Learning how to work with the aperture is one way to alter the exposure of your shots. Here are the reasons why — and the other effects it can have.
If you’ve ever taken a picture, you’ve used an iris (also known as an aperture). From the ones in our eyes to the ones in our cell phone cameras, the iris is perhaps the most important tool for creating the correct exposure for aesthetically pleasing images.
The iris is a tool in a lens that regulates the amount of light that passes through the lens and onto the sensor by altering the diameter of the hole that the light is entering through. We measure this on the lens with a number known as an f-stop. A smaller aperture (or higher f-stop) is going to let in less light, while a larger aperture (a lower f-stop) is going to let much more light in.
Knowing what this does to your image (and how) is a great way to unlock the true potential of your lens and start taking your best shots. Let’s take a look at the iris and what it does in the following video.
What Is an F-Stop?
The term f-stop refers to the aperture/iris setting on your lens. It’s a way of measuring or quantifying the amount of light that can pass through your lens and into your camera’s sensor or film emulsion.
There is no specific dimension to the term (i.e. you can’t measure it quite like footcandles or lux), but it is a measurement of the amount of light passing through as it relates to the specific focal length of the lens that you’re using.
In practical terms, as a shooter, all that you really need to know in this regard is that a higher f-stop (perhaps f22 or f16) is going to result in less light hitting the sensor — therefore a darker image. A lower f-stop (such as f2.8, etc.) will result in a brighter image by letting more light through.
So if you’re outdoors, and everything is too bright, maybe go from your f4 that you’re currently at to an f22.
Depth of Field
Depth of field describes the amount of distance that your lens is able to keep in focus at any given time. A shallow depth of field signifies that there is a shorter amount of distance in focus, whereas a deep depth of field is a much longer distance.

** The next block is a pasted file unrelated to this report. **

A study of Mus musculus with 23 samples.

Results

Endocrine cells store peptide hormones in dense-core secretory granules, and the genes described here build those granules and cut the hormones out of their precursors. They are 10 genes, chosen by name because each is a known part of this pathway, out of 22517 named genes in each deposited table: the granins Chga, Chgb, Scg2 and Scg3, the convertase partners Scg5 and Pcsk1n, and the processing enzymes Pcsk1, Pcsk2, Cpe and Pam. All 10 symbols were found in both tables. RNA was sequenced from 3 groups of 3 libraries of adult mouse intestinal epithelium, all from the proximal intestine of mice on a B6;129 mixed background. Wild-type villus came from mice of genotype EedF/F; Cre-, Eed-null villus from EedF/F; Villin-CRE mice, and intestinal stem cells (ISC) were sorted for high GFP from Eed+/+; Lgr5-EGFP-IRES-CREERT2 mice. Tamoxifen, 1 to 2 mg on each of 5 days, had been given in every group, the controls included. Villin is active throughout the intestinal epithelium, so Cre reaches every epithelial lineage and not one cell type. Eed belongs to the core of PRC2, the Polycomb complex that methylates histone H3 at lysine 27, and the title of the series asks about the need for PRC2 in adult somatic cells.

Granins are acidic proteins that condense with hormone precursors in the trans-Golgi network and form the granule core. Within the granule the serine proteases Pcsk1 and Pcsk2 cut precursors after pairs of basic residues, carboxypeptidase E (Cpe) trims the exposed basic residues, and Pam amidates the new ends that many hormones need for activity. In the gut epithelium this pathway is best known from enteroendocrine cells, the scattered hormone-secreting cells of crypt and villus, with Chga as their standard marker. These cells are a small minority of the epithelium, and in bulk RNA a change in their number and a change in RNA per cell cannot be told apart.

Your iris setting is going to affect the length of your depth of field. The higher the f-stop you use, the deeper your depth of field — and vice versa. So for instance, if your lens is set to a lower f-stop like an f2.8, then you may only be able to keep someone’s eyes in focus, but their nose might be out of focus. If you have your iris set to an f16, you’ll be able to keep a person’s entire head in focus, and perhaps some elements of the background as well.
This is because the smaller the aperture, the more focused the light beams will be, resulting in a more focused image.
Neutral Density Filters
So, if changing your iris affects your depth of field, what would you do if you wanted to change your exposure without altering the settings of your camera/lens?
This is when a piece of gear called a neutral density filter comes in handy. The neutral density filter, put extremely simply, is like putting sunglasses on your camera. It reduces the amount of light hitting the sensor by simply making the light pass through a darkened filter before it ever hits the lens.
Neutral density filters come in different forms: there are 4×4-style filters (to go in a filter holder or matte box), screw-on filters, and my personal favorite, the variable ND (you can change the intensity by rotating the filter).
If you want to shoot outdoors and maintain your preferred iris/shutter/ISO settings, you’ll need to bring a Neutral Density filter.